On Sunday night, my friend and I came to the decision that it was finally time we crawled out of the pits we students call beds, and head to our nearest Curzon to watchThree Billboards Outside Ebbing, Missouri (McDonagh, 2017). We staggered in from the cold, with smuggled bags of popcorn, sweets and other junk we could manage to remotely hide as we flopped into our seats. Despite being told multiple times by a variety of people that the discovery of a 50p bag of popcorn stuffed under my jumper, will not lead to my dismissal from the cinema with my head buried in shame.
Nevertheless, the myth haunts me to this very day and I choose to walk in with the same sweat on my brow, as if I were walking through customs with a bag of heroine strapped to my stomach, instead of a bag of Nik-Naks from the corner shop.
Finally settled, I allowed my excitement to take over.
I have been eagerly waiting for a film that dares to delve down the tricky path that is dark comedy. Three Billboard executes the genre flawlessly and managed to send both my friend and I on a rollercoaster of emotions, discussing uncomfortable topics, exposing us to brutal violence and even accomplishing laughter here and there amongst the upsetting drama.
We follow Mildred Hayes, played by Frances Mcdormand, a stern, seemingly emotionless woman who demands justice over the painful loss of her daughter. Sadly, her daughter was brutally raped and murdered with not a peep to be heard from the police over catching the monster that inflicted such agony. Mildred begins to take matters into her own hands and sticks up three billboards to mock and encourage Chief Willoughby (Woody Harrelson) to come out of hiding and find the culprit.
Of course Mildred’s act of vengeance brought attention from the media which only helped bring the case to light. However, the billboards also attracted negative attention and much backlash, especially from Deputy Dixon (Sam Rockwell), an emotionally unstable and abusive character with mummy issues coming out the ying yang! Sam Rockwell’s performance has to be the most challenging and simultaneously, the most captivating throughout the entirety of the film. Without giving too much away, Rockwell manages to make the transition from a notoriously hated, senseless being to an empathetic and caring character seeking redemption.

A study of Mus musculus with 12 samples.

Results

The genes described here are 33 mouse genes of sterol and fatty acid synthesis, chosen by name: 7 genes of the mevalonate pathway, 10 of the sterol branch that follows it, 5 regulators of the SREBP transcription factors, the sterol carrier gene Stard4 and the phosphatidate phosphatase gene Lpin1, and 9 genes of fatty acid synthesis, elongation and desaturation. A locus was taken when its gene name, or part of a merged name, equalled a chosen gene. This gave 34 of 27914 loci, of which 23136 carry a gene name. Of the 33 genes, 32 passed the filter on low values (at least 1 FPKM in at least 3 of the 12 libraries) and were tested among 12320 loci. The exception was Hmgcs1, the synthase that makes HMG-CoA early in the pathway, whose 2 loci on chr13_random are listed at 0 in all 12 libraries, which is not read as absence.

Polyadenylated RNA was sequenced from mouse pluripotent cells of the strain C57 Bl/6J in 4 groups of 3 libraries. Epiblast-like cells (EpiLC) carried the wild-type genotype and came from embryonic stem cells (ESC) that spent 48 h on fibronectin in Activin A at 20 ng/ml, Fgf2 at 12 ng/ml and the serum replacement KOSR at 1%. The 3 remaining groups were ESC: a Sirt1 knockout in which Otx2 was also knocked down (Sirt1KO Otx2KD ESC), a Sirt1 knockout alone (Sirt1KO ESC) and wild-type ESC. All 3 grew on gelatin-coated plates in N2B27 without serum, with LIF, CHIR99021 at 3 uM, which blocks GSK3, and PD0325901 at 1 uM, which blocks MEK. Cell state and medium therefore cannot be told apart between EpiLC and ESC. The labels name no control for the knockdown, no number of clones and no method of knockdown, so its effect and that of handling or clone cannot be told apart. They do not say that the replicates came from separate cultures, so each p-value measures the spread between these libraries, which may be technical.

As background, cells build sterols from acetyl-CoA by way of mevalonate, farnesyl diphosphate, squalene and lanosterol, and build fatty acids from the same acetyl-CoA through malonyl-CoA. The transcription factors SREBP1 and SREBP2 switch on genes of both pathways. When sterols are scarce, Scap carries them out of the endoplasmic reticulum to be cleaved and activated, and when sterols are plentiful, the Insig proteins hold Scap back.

However, it seems that the film did not hold a real ‘hero’ so to speak. McDonagh has produced multiple characters who are flawed and enduring the suffering that life, unfortunately, has to deal out in one form or another. I think that’s what I enjoyed the most, the fact that you were able to connect with a majority of the characters because of the realism they portrayed and how they all dealt with pain and grief in their own individual way.
I think it’s safe to say that Mildred can be regarded as the epitome of girl power throughout the film. Her straight faced, determined, ambitious, don’t f**k with me attitude truly places her above all the men that attempt to stand in her way. She chooses to ignore and challenge those that argue her approach is too cruel, such as her abusive ex-husband Charlie (John Hawkes), Chief Willoughby and Deputy Dixon. Mildred’s drive and spirit fuels the story to the point where the audience almost feels the need to jump on the bandwagon of the fiery rage that burns within her and demand justice. Mildred pulls out a massive two fingers towards the naysayers and sticks to her gut, despite those closest to her attempting to sway her decision at any given opportunity.
Although sad at times, McDonagh has carefully balanced the melancholy with wittiness so hopefully you will not be put off and think the story is nothing more than bleak and depressing. Nonetheless, there is a light at the end of tunnel and I hope that light leads to an Oscar!